All countries have customs but Ireland has quite the number, many of which you should know before visiting.
Ireland is an island country located in Europe. With a population of only 6.6 million, it is small in size but packs quite a punch.
The country is synonymous with traditional Irish music, pub culture, rolling green pastures, and creamy cold pints of Guinness. But what is also inherently Irish, are its common customs.
All places have customs. They are inextricably interconnected with aspects of society, imposed onto its residents from a young age.
For all of you planning a trip to the Emerald Isle soon, here are 10 Irish customs you should know before visiting Ireland.
10. Not taking a compliment – as humble as steak and Guinness pie
The Irish are a modest bunch. What this translates into is a hell of a lot of people who can’t take a compliment!
Give it a try and you’re likely to hear every awkward statement under the sun, somehow redirecting the compliment in any direction other than onto themself.
9. The superstition surrounding magpies – nobody wants bad luck
The Irish are wildly superstitious. A childhood rhyme sang upon seeing a magpie(s), goes “one for sorrow, two for joy, three for a girl, four for a boy, five for silver, six for gold, seven for a secret never to be told”.
The concept is that by saluting a magpie, you can “undo” the fortune you were facing upon seeing whatever amount of magpies.
8. Getting seriously dressed up at Halloween – we really commit
The Irish love Halloween; like seriously love Halloween! Expect for people to be out en masse on the spookiest night of the year. Costumes are considered compulsory by your comrades.
7. The itchy-nose effect – we’ve got a sixth sense for conflict
Another Irish superstition you should know before visiting Ireland is that many Irish people think an itchy nose is the sign of an impending argument.
Most of the time, this looming fight is prevented by being slapped on the back of the hand. By doing this, it is believed that the potential fight can be avoided.
6. The Late Late Toy Show at Christmas – it’s a Christmas tradition
Every Christmas, an average of 1.3 million people tune in to watch the Late Late Toy Show Christmas special on RTÉ live. That’s not even counting those who watch it on re-run, stream, or record it!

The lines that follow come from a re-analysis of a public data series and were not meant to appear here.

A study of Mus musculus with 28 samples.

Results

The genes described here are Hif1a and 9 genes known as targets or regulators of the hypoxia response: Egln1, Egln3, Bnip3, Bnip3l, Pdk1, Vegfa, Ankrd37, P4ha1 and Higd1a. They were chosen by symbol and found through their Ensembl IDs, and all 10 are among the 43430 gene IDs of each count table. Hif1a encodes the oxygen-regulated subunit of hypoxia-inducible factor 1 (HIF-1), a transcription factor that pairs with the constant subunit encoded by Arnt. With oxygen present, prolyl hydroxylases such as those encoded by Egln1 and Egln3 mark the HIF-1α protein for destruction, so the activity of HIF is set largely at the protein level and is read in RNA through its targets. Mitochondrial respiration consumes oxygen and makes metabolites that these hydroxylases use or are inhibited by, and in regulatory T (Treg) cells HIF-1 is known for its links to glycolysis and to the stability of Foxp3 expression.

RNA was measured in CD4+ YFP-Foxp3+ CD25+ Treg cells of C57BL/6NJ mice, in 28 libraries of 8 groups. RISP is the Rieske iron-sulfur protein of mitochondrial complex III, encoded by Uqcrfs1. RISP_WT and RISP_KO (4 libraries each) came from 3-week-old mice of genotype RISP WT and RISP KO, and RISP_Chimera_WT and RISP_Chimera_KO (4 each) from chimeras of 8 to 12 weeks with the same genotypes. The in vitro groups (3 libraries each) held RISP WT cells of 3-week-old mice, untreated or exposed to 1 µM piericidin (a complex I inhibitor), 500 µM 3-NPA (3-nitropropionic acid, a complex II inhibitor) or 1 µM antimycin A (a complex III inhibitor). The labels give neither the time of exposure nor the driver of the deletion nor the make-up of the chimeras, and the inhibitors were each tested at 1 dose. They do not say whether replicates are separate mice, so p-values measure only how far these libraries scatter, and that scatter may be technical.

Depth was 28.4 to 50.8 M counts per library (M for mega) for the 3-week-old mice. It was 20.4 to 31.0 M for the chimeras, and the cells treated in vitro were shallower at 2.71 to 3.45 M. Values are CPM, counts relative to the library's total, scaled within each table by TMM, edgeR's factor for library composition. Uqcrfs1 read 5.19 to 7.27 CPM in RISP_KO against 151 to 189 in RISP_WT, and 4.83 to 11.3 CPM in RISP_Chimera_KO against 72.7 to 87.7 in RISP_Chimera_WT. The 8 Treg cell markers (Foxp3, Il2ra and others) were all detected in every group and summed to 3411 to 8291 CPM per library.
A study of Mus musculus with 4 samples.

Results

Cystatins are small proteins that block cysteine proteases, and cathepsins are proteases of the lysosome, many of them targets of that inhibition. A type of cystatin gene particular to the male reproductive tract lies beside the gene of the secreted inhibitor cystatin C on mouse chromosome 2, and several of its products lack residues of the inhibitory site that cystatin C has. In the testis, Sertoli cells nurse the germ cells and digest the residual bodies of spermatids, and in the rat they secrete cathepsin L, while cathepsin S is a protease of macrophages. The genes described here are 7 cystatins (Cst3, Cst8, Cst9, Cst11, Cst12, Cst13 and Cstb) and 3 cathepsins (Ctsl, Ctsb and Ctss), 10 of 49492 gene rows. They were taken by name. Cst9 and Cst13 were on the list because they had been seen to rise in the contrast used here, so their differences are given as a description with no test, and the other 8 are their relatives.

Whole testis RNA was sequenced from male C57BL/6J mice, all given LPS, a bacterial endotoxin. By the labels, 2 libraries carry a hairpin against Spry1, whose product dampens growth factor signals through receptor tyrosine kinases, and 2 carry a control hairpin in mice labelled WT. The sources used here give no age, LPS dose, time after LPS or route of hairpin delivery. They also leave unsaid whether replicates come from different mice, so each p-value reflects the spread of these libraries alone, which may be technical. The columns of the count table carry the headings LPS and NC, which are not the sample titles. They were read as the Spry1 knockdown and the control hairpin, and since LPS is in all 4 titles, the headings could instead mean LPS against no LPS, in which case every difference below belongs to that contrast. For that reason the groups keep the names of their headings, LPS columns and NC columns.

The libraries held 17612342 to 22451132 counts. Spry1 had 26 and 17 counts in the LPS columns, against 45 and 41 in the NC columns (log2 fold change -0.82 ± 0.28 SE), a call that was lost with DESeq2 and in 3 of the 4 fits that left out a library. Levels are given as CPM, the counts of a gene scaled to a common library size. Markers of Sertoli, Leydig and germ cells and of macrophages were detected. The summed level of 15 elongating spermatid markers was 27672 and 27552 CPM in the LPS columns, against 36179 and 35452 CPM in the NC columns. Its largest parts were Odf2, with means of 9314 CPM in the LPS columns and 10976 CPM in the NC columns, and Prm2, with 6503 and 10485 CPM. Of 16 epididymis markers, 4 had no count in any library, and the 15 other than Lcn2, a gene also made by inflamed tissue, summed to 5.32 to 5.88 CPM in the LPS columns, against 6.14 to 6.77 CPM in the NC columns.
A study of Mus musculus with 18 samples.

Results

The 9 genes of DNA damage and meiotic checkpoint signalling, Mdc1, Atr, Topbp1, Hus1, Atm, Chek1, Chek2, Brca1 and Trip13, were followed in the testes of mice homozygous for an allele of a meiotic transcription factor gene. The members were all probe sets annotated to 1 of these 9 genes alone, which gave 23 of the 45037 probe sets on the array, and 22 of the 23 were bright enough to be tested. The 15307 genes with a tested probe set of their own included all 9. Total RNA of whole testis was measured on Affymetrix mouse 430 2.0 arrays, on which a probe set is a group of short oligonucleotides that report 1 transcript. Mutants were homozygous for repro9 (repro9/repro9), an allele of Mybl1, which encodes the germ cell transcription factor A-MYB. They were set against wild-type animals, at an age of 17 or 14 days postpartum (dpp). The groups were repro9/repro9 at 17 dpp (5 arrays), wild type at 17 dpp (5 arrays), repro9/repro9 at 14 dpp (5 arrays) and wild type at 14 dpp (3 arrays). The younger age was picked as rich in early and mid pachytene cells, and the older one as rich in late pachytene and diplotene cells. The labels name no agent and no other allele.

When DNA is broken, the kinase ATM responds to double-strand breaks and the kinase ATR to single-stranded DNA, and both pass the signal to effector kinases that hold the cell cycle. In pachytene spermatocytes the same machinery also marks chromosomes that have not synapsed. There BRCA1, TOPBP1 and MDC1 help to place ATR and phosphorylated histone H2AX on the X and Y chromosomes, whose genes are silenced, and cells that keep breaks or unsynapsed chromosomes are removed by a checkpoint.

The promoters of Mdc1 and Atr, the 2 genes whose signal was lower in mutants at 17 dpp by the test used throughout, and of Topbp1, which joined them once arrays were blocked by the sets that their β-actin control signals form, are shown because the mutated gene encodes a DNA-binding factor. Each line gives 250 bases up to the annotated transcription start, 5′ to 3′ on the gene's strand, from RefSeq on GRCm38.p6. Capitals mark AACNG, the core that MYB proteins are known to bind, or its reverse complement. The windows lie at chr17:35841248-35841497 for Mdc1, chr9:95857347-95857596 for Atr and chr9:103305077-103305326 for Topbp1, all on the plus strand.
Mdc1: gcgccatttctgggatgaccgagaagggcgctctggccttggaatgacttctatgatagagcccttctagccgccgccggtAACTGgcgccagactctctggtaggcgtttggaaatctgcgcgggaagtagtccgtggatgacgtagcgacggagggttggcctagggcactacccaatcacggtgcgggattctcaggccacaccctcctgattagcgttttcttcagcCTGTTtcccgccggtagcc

This Christmas TV special has been running since 1975 and has become synonymous with Christmas spirit.
It showcases the most coveted and coolest toys for kids that year. It hosts tonnes of child participants, entertainment, and performances, so it doesn’t matter if you’re eight or 80 – watching this is a real Irish custom.
5. Rounds of pints – sharing is caring
One aspect of Irish culture is how we consume pints of alcohol: the Irish drink pints by rounds.
It’s is a system of consuming alcohol imposed in groups of friends. One person starts by purchasing a pint for everyone in the group; after they have finished that “round”, another person buys everyone in the group a drink. This process continues until everyone has purchased one round.
4. Saying “sorry” – our mammies taught us well
In Ireland, people use the word “sorry” instead of “excuse me”.
For example, if you’re walking on a busy city street and are bumping into other people passing by, you use “sorry”. The Irish are pretty polite, so you’ll hear it a lot.
3. Selection boxes at Christmas – who doesn’t want boxes of chocolate?
A popular Irish custom is to give a selection box (a term for a box of assorted chocolate bars) to a loved one at Christmas.
Kids, in particular, receive a tonne of these around the festive seasons, but truthfully, this Irish custom has no age limit.
2. Saying “thanks” to the bus driver – they deserve it!
As mentioned earlier, the Irish are polite people and one proper Irish custom is always to greet and, more so, thank the bus driver.
It’s nice to be friendly and kindness is generally responded to well; so, hop on board!
1. ALWAYS offering a cup of tea – it’d be rude not to
If there’s one Irish custom you should know before visiting Ireland, it is that Irish people always offer guests visiting their home a cup of tea (or even a few).
It’s seen as a sign of welcome. And it’s pretty safe to say, if you’re not a tea fan pre-visit to Ireland, you’re sure going to be once you leave.